Sunday, December 23, 2012
From a broader perspective I have just completed reading Eminent Outlaws by Christopher Bram. He takes a close look at the last 50 years of gay writing from America, Tennessee Williams, Truman Capote, Gore Vidal and James Baldwin all feature heavily in the 1950s post war period. They were often friends but also combative competitors.
Their writing was often criticised for being too homosexual or read as homosexual pretending to be straight. Baldwin suffered under the charge of not writing as a black man when he wrote a gay story. It is these writers who along with Christopher Isherwood and Edmund White showed that gay writing could be good and did not always have to include suffering homosexuals. Straight people had difficult lives and gay people often lived happy lives.
The literature produced could be entertaining, informative and for the publishers even profitable. The details of the plays, poems, novels and essays produced in the second half of last century is amazing. This could be a book in which to find your future reading lists.
The famous author of Lolita, Vladimir Nabokov seldom mentioned the brother he left behind in Europe. Paul Russell has very cleverly reconstructed this gay brother’s life from the few known facts. It is a beautiful journey from the decline of St Petersburg in the early 20th Century as the time of the Tsars is brought to a close through to the end of Hitler’s Germany and Sergey himself.
Sergey lives and loves an amazing life. His father was immensely intelligent and he idolised his gay uncle who ignored him, while focussing his attentions on the elder Vladimir. Sergey becomes friends with many famous people of the era such as Cocteau and Alice Toklas. This is the story of an emigrant community and an overlooked brother. It captures a changing world over a period of just a few decades.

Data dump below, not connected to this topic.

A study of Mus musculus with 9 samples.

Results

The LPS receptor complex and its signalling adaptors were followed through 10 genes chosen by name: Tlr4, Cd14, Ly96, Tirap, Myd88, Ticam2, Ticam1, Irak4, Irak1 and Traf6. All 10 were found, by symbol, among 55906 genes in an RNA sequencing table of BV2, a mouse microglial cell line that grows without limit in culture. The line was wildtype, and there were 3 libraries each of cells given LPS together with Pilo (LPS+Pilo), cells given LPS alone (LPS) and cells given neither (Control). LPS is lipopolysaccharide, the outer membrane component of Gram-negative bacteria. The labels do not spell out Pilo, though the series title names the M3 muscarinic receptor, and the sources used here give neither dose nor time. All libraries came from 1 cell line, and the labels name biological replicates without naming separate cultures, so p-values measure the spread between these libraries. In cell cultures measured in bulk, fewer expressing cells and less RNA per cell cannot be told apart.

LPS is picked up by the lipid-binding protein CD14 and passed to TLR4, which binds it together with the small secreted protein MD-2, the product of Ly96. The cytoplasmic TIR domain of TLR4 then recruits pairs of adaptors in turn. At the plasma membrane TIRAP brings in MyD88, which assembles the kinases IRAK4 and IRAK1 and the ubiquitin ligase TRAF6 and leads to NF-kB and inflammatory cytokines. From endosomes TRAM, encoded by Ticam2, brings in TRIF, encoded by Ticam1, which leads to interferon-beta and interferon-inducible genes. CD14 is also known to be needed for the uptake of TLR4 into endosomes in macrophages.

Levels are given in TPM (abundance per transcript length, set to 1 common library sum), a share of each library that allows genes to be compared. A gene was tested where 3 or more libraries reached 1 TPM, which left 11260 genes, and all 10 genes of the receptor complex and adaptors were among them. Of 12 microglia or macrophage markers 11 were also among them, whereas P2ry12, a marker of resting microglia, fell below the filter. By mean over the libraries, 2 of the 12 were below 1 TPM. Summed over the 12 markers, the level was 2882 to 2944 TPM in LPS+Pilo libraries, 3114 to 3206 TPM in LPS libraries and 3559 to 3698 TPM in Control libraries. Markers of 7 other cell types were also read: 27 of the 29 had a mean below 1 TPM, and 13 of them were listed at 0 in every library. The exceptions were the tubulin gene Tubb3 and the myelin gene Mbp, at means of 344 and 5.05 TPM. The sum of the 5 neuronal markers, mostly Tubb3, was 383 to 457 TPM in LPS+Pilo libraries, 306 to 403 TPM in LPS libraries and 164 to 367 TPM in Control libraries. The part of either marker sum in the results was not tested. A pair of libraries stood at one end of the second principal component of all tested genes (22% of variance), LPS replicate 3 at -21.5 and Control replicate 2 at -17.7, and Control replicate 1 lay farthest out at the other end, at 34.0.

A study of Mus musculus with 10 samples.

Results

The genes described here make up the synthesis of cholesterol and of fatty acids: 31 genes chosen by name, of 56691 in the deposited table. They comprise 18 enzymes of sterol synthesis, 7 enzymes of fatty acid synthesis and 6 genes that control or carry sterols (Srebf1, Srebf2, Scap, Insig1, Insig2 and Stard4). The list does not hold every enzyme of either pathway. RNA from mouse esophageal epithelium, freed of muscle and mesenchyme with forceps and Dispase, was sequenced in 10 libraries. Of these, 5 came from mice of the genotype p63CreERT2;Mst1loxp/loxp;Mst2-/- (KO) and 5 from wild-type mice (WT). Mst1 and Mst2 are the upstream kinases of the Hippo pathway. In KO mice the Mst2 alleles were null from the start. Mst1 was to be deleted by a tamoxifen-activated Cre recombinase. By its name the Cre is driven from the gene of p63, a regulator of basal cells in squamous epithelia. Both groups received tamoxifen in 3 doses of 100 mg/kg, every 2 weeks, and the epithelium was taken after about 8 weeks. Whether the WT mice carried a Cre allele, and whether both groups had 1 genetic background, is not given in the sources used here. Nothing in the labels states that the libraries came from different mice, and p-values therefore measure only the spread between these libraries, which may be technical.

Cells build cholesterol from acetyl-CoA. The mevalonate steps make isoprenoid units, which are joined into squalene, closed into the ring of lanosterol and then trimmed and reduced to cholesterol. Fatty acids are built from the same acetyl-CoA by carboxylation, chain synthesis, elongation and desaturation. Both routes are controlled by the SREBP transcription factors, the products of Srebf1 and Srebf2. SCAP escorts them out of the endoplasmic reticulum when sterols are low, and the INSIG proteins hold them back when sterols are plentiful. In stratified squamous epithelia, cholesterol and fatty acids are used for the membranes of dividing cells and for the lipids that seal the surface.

Monday, December 17, 2012
By Lyn McConchie ad Sharman Horwood published by Kite Hill Publishing
Its 2035 and the world has gone to pieces. Just like AIDS did in the 1980s a new disease known as Tensens is causing panic. It appears that the hormonal balance of transsexuals means any Transgender person infected with Tensens and having sexual relations causes their partner to die. Our transgender hero Cean finds his life is getting more difficult and the discrimination he suffers causes a halt to his life and his journey to becoming female.
The story progresses to Cean using a friend’s time travel technology to travel back to the first century and the time of his heroine Boadicea. The subsequent tale is a brilliant example of historical fiction. The details ring true as we read of battles with Romans and simple village life in early Britain. Cean is hoping that he can change the future by helping Boadicea win war against Rome, rather than lose as she had done in our history. Cean uses his knowledge and a stock of antibiotics to gain trust as he integrates with these more primitive people. By changing the past a better kinder world where female strength is valued may come to pass.
You will enjoy reading this book. Co-author Lyn lives in New Zealand. Give her your support.